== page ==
Microsoft's company restructuring is already underway, but new details have emerged revealing which executives in the engineering aspect of the company will be leading the efforts for the company's most important products. Joe Belfiore, the man in charge of Windows Phone, will now oversee a group focused on phones, tablets and PCs.
"Within the Windows unit, Microsoft is pushing the phone, Xbox and PC efforts closer together. The company is also rejiggering the Windows leadership structure, with new posts for a number of longtime leaders and a number of familiar faces being dropped from the leadership ranks," AllthingsD stated in an report today.
No clear line separating a large phone from a small tablet or PC.
Terry Myerson, the Windows and Windows Phone boss, will have seven direct reports in the new restructuring. These include leaders for the development, test, and program management positions, as well as those heading the phone, tablet, PC, Xbox, and services departments. Individuals running the "future special projects" area will also report to him. Microsoft will also have a separate unit that will explore wearable computing, in which Myerson will oversee.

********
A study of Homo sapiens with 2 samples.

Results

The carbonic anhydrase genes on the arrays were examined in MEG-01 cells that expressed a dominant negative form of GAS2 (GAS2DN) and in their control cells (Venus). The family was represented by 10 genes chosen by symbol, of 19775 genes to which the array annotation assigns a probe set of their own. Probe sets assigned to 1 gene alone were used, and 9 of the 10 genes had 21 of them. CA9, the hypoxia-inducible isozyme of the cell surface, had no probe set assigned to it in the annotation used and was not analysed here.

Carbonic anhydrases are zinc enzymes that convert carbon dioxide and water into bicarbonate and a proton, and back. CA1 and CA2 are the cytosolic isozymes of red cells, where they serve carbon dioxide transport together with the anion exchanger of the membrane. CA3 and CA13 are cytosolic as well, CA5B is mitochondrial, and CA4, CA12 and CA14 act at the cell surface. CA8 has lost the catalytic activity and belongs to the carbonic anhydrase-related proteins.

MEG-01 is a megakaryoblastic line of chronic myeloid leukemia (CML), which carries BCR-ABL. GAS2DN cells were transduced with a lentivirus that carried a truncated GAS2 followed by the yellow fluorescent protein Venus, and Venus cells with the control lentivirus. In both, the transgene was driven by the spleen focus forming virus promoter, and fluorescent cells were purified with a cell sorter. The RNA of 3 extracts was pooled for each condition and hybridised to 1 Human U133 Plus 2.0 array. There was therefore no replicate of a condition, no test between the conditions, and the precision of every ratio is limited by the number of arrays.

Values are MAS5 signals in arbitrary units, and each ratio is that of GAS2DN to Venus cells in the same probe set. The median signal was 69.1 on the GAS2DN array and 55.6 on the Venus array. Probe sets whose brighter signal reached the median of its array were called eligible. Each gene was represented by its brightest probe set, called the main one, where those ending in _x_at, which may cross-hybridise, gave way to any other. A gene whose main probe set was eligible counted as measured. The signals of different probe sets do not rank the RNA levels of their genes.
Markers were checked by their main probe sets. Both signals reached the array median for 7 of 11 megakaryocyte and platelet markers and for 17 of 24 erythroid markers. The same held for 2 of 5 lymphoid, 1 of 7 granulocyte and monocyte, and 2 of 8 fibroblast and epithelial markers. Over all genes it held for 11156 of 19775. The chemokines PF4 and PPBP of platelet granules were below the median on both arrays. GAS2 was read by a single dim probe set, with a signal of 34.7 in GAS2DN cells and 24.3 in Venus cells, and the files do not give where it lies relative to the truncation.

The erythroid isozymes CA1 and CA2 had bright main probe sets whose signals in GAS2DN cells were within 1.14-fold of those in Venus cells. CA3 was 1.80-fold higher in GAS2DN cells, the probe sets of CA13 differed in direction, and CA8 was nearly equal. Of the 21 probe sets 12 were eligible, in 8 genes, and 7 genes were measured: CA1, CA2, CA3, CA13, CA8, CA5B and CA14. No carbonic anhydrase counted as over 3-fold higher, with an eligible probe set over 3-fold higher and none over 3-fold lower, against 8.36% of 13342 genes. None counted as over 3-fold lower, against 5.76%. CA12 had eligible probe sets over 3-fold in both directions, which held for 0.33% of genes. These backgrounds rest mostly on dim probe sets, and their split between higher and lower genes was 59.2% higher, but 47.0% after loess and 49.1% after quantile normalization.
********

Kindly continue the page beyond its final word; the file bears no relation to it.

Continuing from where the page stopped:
Julie Larson-Green, who took over as the Windows operating system boss when Sinofsky left, gave up that position to Terry Myerson. Larson-Green now runs the company's hardware division, which includes phones, tablets, PCs and Xbox.
Joe Belfiore, the man responsible for creating such an awesome Windows Phone product, will now add tablets and PCs to his mix. Microsoft is looking to remove the line that separates Windows on tablets/PCs and Windows Phone on smartphones. Marc Whitten, the man responsible for launching the Xbox One, will oversee the Xbox team on the software side.
"Microsoft is expected to tout the new structure as showing progress in moving once-disparate programming efforts closer together. Microsoft has already moved the software base behind its Xbox and phone efforts over to a Windows core, and is expected to further unify its approach over time," the report adds.
Microsoft seems to be working hard to separate hardware from software within the organization. "Although increasingly characterizing itself as a devices and services company rather than a software maker, Microsoft is keeping the parts of the company working on hardware separate from those making the software," the report adds.
Microsoft is expected to fully announce their organizational changes, when it comes to the Windows brand, later today.